I came across this article titled Why does internal corporate software suck?
It laments the sad state of internal software and hypothesizes about why things are the way they are. The author claims that internal software should be every bit as good as our external products.
The problem is no one in life wants anything to be just fine. You want things to be fantastic and you should aim for fantastic.
It’s certainly correct that the developers of the internal software are not bad developers, they’re not making bad technology decisions and it’s not that they don’t care.
It seems perhaps that the blame lies with the PMs of this software who do just enough to solve the problem that the internal teams have but doesn’t go that extra mile to make the tool fantastic.
This is where the PM comes in – the dev team and PM have a couple of meetings with the business where they discuss a high-level requirement and then break it down into smaller chunks like what kind of access will they need, what users will use the system?
From this, we design a couple of rough wireframes which solves this problem and agree on the MVP. We deliver the MVP for testing in a few weeks time.
The end result software is fine. It does solve the problem, the business can’t argue with that, so they sign it off and it gets released.
It certainly is the PM’s responsibility to go out and meet the end users and help the team translate their problems and requirements into a user experience which will solve the problem.
The processes for doing this are well known and honestly, it’s drastically easier for internally-facing PMs than it is for externally-facing. If I want to spend time with the end users of my internal applications all I have to do is hit them up on Slack and ask to go down and sit with them. I can spend almost as much time as I want deeply embedded in my end-users workflows. Most external PMs would kill for this level of access to end users.
And I do want to do this. I really do. I have the exact same drive to create elegant applications that the developers and designers. I had it when I was a developer myself and I still have it now. I want the code to be elegant and maintainable, I want the UI to be beautiful and I want the UX to be the smoothest most intuitive thing you ever saw.
So why wouldn’t I?
Economics dictate that it often makes the most sense to stop when the end result is “good enough”. Why?
The key difference between internal software and external software is proximity to profit.
Let’s compare the Uber mobile app with a random inventory app your internal team is working on. Millions of people (I’m inventing this number but it must be at least millions) use the app to give money to Uber every day. Maybe 50 people will use your internal inventory app ever.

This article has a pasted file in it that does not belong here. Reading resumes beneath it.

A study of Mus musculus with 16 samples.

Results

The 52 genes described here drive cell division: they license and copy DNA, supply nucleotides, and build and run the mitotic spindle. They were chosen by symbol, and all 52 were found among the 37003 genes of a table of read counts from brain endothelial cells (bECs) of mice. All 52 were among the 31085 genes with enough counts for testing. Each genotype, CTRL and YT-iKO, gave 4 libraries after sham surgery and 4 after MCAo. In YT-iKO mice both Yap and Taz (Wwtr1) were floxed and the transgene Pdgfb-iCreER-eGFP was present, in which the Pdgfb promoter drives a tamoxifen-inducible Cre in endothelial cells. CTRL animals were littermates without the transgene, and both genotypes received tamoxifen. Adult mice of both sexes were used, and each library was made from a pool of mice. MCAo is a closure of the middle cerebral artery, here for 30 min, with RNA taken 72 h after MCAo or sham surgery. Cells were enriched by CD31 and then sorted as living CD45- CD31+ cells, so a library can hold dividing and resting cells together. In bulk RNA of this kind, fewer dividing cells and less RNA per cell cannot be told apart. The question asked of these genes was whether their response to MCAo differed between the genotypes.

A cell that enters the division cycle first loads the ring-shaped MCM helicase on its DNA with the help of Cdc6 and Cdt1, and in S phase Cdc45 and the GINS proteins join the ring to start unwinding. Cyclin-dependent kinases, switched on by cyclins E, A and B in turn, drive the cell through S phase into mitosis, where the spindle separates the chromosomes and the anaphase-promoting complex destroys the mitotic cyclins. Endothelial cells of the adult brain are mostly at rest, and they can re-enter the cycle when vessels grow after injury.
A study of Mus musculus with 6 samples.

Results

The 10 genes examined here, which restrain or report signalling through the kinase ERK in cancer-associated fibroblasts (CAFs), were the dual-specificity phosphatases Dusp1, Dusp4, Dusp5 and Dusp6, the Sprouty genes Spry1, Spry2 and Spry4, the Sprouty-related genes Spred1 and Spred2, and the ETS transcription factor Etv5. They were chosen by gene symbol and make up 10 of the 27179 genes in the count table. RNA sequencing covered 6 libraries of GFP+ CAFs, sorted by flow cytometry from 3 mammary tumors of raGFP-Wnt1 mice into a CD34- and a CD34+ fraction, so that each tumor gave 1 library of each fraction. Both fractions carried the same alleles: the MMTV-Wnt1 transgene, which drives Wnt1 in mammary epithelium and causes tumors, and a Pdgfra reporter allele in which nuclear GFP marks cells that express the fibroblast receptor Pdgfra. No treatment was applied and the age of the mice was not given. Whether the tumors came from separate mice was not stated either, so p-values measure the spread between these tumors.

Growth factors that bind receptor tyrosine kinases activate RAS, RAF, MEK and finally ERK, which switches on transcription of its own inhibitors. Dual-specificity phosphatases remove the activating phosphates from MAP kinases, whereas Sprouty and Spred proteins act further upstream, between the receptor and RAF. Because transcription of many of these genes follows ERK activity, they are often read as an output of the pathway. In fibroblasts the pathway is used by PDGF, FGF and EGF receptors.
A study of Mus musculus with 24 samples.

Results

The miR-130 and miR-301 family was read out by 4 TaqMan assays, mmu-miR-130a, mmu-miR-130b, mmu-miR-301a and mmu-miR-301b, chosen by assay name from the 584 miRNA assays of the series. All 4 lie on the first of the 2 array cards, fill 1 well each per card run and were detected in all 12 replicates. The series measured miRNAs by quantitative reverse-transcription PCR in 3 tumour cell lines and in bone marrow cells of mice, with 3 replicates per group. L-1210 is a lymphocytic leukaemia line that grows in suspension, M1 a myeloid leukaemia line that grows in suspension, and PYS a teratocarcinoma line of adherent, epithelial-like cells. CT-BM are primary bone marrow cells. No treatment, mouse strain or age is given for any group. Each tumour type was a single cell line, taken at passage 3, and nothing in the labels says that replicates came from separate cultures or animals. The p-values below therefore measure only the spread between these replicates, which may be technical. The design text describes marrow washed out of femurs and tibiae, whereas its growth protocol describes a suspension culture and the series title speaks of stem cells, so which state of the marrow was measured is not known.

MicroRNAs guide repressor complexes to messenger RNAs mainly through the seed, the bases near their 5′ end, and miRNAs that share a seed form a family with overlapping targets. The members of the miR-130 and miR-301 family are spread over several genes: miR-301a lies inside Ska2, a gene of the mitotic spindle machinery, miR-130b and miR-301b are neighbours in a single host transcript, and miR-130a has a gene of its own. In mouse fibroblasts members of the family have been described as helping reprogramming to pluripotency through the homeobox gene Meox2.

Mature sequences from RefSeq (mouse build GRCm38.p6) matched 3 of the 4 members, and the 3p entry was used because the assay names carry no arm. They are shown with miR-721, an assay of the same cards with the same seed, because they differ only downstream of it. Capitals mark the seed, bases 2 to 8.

Next, let’s compare the potential value that Uber can glean from a UX improvement or a new feature to what you can achieve as an internal inventory tool PM.
Uber’s net revenue in the first quarter of 2018 was $2.6 billion (I hope I’m understanding that source article correctly). If you spend 3 months designing a UX improvement that bumps revenue by one-hundredth of a percent you’re adding $260,000,000 to revenue. The cost/benefit equation is simple. You could put an entire team of people on the problem for a year and that revenue bump would still easily cover their cost.
If you spend the next 3 months optimizing your internal inventory tool then you’re just not getting the same benefit for time spent. It doesn’t make sense to solve that problem.
The inventory people do still need something they can use to do their jobs at some minimum level so the company doesn’t fall over but the upside of optimizing the crap out if it just doesn’t exist.
This doesn’t mean you have a license to release the worst UX the world has ever seen. It is possible to make software so awkward make people so unhappy in their job that they quit. This will lead to high turnover and demoralized employees. This is bad.
When this doesn’t apply
You have to be really careful about bad UX in internal software when the software has the ability to do critical harm. Take deployment tools for example. The potential upside of an internal deployment UI improvement is capped at some point.
But the downside is potentially huge. A confused operator could potentially take down production services at your company, causing outages, irate customers and lost profits.
In summary, internal software is often productized quickly and cheaply because it makes sense for the specific situation that internal tools are in. Sure it sucks in some philosophical way (and it might suck in a practical way for the people in inventory) but you often just can’t beat the math.